Spot On: Atari's master plan--online and off

Game publisher kicks off its 2006 press event with talk of external development, better quality control, and a new presence on the Internet.


Sales and marketing vice president Nique Fajors kicked off the address with a frank assessment of Atari's past missteps, explaining that the company will put stronger emphasis on quality control and on hiring teams to manage product approvals and developer relations. They will be new hires who, like Fajors, feel "disgust with losing, and disgust with being mediocre."

Fajors conceded that Atari hasn't had a strong track record on projects developed in-house, and therefore the company will focus more strongly on externally developed games, as well as on taking additional time to get game projects finished right. Fajors compared Atari's 2005 game Driv3r to its upcoming racing game Test Drive Unlimited. The former was, Fajors said, "a half-baked product that was pushed out the door for revenue reasons."

Fajors then outlined Atari's stronger push into the online space, which will take the form of a community-focused Web site called Atari Online. Senior vice president of Atari Online Chris Bergstresser elaborated on the new Web presence, suggesting that it will be a key part of "tying [the game development process] in to a consumer experience."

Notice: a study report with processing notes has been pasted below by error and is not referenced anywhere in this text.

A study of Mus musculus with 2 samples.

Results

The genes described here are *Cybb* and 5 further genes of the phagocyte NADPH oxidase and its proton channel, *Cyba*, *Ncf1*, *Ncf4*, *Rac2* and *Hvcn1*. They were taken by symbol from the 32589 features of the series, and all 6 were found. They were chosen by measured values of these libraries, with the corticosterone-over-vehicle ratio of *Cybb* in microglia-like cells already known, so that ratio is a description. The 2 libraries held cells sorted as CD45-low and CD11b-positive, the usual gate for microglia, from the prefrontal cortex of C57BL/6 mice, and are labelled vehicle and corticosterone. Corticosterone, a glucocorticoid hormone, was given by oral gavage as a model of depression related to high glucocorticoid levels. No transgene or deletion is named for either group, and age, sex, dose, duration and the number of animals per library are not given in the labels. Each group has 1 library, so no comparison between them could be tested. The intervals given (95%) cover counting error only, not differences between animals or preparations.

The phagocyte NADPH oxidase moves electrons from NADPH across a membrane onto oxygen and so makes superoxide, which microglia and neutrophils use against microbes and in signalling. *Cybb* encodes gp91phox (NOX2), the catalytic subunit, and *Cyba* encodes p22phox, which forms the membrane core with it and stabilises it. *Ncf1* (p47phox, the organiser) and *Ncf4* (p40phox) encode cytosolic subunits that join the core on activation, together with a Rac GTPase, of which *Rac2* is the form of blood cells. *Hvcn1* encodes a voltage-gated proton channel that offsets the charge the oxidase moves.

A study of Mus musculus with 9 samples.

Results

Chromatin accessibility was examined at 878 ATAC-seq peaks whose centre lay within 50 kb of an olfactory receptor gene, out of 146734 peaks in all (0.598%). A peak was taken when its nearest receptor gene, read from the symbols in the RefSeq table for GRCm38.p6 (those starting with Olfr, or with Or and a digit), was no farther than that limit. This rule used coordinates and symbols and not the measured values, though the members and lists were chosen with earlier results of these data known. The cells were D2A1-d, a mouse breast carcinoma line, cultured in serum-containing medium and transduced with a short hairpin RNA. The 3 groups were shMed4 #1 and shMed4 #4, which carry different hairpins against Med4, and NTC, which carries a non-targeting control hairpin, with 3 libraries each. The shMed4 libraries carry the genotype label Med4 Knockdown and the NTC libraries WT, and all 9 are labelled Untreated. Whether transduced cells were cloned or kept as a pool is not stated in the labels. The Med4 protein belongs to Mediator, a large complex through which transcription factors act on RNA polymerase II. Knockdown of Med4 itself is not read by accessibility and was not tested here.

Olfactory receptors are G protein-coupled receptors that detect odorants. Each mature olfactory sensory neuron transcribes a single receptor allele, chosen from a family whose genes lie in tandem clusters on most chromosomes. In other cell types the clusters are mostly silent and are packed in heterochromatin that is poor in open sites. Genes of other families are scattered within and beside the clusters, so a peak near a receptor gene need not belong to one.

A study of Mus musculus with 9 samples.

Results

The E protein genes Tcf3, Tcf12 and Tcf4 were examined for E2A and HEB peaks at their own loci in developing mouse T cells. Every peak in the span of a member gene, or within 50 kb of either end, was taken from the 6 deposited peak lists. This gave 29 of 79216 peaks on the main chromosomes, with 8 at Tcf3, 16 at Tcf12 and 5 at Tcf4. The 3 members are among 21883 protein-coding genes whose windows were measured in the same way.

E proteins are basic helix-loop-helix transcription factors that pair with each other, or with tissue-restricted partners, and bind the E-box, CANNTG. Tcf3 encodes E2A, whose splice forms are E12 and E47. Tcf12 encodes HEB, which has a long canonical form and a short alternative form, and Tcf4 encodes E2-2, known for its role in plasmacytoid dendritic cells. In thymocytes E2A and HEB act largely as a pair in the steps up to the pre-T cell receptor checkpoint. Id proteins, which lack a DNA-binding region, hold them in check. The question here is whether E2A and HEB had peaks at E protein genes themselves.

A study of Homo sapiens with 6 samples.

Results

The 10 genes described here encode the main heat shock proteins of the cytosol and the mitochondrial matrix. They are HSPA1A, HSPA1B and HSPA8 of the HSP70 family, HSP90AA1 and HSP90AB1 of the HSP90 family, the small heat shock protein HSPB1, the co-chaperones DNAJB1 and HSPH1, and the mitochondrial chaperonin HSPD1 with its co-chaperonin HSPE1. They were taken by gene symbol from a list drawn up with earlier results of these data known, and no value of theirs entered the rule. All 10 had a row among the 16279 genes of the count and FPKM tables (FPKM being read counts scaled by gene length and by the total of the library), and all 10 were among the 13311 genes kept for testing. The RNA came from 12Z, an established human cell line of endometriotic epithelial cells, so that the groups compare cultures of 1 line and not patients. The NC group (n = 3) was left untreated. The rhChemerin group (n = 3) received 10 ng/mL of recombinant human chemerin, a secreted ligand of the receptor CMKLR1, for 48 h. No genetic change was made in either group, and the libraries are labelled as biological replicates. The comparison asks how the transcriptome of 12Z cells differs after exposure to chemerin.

The executive suggested that Atari would "expand into online past boxed product." Many modern games often "try to create a huge, immersive experience," but they have perhaps forgotten the "fun factor and value" that simpler games can provide, he said.

To that end, Bergstresser announced that Atari would revisit its own stable of classic arcade games and release them on Microsoft's Xbox Live online service. The executive suggested that these games won't have their core gameplay changed, but that "they'll be presented in a more-modern look and feel." The first such game will be released in time for the holiday season this year, he said, likely around October or November.

Bergstresser suggested that the company's new emphasis on online-enabled games would include improved multiplayer options for online games like Test Drive Unlimited, continuous content updates for already-released games "to bring a sense of newness to the products," and the upcoming community site, which might see a soft launch later this year and a beta-test version in 2007.

To cap the presentation, business development vice president Robert Stevenson briefly discussed Atari's expanded focus on partnering with external development houses, as well as on working out a streamlined approval process to get games from differing territories the green light from Atari headquarters.

If the presentation is any indication, the beleaguered publisher is attempting to honestly assess its own strengths and weaknesses. Atari hopes that a shift in strategy--longer game-development times, online games and community outreach, and partnerships with external studios--will pay off in the future and prevent chasing short-term revenue targets by pushing unfinished games out the door.

GameSpot will have full coverage of Atari's lineup in the near future.